Newcastle United have now lost their last four games, scoring only one goal in that stretch. They’ve also won only one of their last seven. They’ve conceded seven goals in the last two games. In the normal (read: ridiculous) world of football, that would be cause for 64-point headlines reading SACK THE MANAGER, or at least CRISIS.
But this is Newcastle, where they’re a lot more reasonable than people give them credit for. The headline in the Evening Chronicle read ‘Awful United look as if they’re facing a long, hard winter’. Another read ‘Yes, NUFC are facing a relegation fight – but so are 12 others’. A third: ‘United no longer resemble a Rafa Benitez side.’
And that, of course, is the key. Rafa Benitez is the manager of Newcastle United, and he projects control and calm. In the post-match interview on Saturday he was obviously quite unhappy, but said merely that it’s never easy coming up from the Championship, the goal is to get 20 points in the first half of the season, every game in the Premier League is difficult, and the players have to work hard. Yes, it was manager-speak of a sort, but you felt you were actually hearing him say what he thought. No blame, no anger – just back to work.
To this observer, Newcastle are nowhere near crisis. They’re a promoted side which famously got very little transfer business done in the summer. They belong in the bottom half of the table. After losing their first two, they hit a hot streak, and they’re naturally coming back to the pack now.
I’d say they have three problems: one small, one big, one somewhere in the middle. The small one is those seven goals in two games. Very un-Rafa-like, you’d say. But his Real Madrid gave up seven in two against Sevilla and Barcelona, and his Napoli side did the same against Juventus and Lazio. It happens. Benitez is too consistent a manager for that run to continue for long.
I’m guessing the primary reason for the leaky boat is the absence of Jamaal Lascelles. He’s recovering from an ankle injury sustained against Bournemouth, and missed the two concession-filled games. He had also left the pitch before the Cherries scored the winner in that earlier match.
Lascelles is the captain and organiser. It’s always difficult for a mere fan to assess the impact of a back-line leader: we can’t see/hear exactly what he does on the pitch, or how his presence affects other players. But anyone can see that the defence has been at sixes and sevens the last two weeks, even when not giving up goals. He should be back before too long, and he and Florian Lejeune are likely to form a strong partnership.
The full-backs are good enough. Javier Manquillo is unremarkable but solid. On Saturday DeAndre Yedlin occasionally looked like a worthy teammate of Christian Pulisic, more often like a worthy teammate of Jozy Altidore. He’s very much a work in progress, but has shown enough to suggest he’ll improve under Benitez’ tutelage.
And when you think about all those GA, remember that Mikel Merino was missing too. In fact, he just returned from a back injury, subbing in against Watford after United were already three goals down. He looked pretty rusty, but it’s no coincidence the side lost all four games while he was gone. He’s their best player, excellent both at protecting the back line and aiding the attack. He’s better than Jonjo Shelvey at both ends. Hopefully he’ll be back in form soon.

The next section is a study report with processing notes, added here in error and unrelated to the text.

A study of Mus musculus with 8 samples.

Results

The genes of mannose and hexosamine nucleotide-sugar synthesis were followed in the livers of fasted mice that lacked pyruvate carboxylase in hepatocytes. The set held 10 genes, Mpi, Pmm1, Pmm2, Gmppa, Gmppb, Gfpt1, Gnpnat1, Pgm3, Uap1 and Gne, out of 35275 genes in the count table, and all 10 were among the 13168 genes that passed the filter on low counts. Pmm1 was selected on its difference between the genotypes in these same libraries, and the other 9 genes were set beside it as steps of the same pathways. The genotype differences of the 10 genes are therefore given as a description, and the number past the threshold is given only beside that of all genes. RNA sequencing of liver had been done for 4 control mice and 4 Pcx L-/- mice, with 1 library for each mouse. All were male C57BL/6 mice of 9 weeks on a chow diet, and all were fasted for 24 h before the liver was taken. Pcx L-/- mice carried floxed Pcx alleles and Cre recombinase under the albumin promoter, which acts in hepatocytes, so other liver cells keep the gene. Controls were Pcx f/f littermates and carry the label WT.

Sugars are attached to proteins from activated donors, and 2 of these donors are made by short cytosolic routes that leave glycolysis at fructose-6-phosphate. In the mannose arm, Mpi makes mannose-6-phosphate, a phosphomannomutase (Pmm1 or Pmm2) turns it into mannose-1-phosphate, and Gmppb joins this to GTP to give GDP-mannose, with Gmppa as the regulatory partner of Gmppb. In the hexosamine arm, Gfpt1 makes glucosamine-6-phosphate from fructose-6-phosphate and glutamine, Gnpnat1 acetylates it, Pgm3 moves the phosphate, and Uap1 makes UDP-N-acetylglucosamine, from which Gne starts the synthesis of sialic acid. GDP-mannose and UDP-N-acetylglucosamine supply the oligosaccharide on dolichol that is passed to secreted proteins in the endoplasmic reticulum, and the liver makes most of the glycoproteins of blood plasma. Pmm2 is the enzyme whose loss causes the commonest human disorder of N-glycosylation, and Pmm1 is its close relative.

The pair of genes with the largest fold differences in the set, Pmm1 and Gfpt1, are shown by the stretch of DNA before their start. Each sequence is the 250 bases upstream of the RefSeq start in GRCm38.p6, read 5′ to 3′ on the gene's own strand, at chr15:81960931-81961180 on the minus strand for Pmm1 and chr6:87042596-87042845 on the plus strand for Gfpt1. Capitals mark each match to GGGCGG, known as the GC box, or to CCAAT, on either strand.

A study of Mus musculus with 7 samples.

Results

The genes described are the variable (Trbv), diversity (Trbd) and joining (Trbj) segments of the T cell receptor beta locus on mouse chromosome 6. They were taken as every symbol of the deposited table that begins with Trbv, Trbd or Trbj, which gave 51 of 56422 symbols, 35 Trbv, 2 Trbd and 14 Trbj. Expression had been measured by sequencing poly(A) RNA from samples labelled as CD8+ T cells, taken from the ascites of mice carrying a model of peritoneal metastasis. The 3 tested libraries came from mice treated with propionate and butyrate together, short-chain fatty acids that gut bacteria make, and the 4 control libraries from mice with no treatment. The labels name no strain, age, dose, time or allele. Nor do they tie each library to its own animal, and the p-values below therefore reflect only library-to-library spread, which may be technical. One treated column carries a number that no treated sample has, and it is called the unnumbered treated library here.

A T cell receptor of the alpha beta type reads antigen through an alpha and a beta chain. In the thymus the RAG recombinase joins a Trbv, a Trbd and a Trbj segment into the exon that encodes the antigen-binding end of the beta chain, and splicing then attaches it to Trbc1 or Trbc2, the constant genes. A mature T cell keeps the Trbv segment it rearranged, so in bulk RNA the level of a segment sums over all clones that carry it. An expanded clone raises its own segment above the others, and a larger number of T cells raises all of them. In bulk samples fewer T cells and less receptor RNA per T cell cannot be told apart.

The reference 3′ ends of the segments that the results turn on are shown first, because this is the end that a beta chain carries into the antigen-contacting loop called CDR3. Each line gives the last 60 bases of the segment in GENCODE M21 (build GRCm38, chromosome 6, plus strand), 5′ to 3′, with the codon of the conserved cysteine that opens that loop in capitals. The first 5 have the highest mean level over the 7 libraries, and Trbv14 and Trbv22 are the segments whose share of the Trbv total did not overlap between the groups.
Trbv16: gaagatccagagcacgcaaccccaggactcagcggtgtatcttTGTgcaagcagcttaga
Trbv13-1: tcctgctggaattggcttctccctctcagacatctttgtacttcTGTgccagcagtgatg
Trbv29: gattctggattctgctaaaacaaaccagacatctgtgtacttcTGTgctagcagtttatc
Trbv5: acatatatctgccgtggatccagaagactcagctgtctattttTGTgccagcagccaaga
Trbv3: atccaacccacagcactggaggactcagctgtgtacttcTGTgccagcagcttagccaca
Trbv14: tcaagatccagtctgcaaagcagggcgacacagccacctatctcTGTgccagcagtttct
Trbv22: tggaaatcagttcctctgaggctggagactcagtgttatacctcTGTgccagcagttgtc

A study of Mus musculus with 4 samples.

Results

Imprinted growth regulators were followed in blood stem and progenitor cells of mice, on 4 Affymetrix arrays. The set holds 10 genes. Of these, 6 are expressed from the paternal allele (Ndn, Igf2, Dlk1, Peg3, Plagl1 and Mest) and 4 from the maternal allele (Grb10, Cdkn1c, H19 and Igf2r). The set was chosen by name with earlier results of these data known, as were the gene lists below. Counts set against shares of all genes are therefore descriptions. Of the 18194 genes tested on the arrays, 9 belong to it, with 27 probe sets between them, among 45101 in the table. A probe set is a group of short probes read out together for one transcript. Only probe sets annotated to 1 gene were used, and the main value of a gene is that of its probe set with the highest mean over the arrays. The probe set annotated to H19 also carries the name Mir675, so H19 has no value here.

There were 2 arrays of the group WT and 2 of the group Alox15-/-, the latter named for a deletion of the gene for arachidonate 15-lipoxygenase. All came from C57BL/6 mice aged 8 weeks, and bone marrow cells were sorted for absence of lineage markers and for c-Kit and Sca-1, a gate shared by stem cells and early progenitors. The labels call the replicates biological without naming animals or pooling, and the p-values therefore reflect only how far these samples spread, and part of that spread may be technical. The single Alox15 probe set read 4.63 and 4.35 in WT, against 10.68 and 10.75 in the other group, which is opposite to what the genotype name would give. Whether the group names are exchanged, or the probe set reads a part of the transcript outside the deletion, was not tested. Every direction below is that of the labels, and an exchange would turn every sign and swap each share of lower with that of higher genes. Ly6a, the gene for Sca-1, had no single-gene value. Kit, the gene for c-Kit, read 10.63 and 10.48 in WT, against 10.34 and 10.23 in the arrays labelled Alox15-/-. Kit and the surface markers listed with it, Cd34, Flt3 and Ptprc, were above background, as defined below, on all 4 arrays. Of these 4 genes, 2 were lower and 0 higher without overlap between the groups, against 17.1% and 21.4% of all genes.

And now for the big problem: scoring goals. The Magpies have tallied only 11 times in 13 games, and three of those came against an abject West Ham. Having Merino back will make a small difference, but elsewhere on the pitch the attack looks unreliable.
At striker you have Joselu, Dwight Gayle and Aleksandar Mitrovic: a trier, a flyer and a fire. Joselu fights for every ball, and can get himself into decent positions. Among players with more than 800 minutes he ranks sixth in shots/90. But he’s just not a top-flight scorer. Gayle has pace and pops up with a goal now and then, even when not facing Liverpool, but we’re still waiting for more. Mitrovic is always one step away from the nearest asylum.
In the last two games Benitez has played 4-4-2 with both Gayle and Joselu, but it hasn’t worked. Against Watford they both did a lot of leaping, running about and passing the ball to teammates, to very little effect. They probably need to go back to one up front, with Ayoze Perez behind the striker. Perez is notoriously inconsistent, but he brings genuine on-the-ball quality, and when he was starting seemed to mesh better with Joselu than Gayle. A five-man midfield should also slow down the opposition a bit.
The wing attackers have been disappointing. Matt Ritchie hasn’t contributed much lately. Christian Atsu looks a threat every time he gets the ball and runs at somebody, but the end product rarely materialises. Jacob Murphy showed some promise on the weekend, running well with the ball, moving intelligently into the middle, creating a good chance for Joselu. Maybe he can get a run of games now.
Which brings us to the middling problem: squad depth. The general failure to strengthen in the summer means when a starter is out, there’s not much back-up. Isaac Hayden, who has looked excellent at times joining Shelvey or Merino in front of the back four, was suspended for Saturday. His replacement? Mo Diamé. Remember when Diamé was being touted for Arsenal?
The holiday period is nearly upon us, and Newcastle’s shallow talent pool will be severely tested. But that’s been the case for pretty much every promoted side in the history of English football. Once the defence is back to where it was, I’m guessing the team will settle. It won’t be the most thrilling of seasons, but at the end it’ll be satisfying enough.
Am I being too optimistic? Maybe, but let’s face it, even if Newcastle do go down again, it looks as if Mike Ashley is finally selling. That’ll be all the thrill and satisfaction any Geordie could want – and, at last, an end to the biggest problem of all.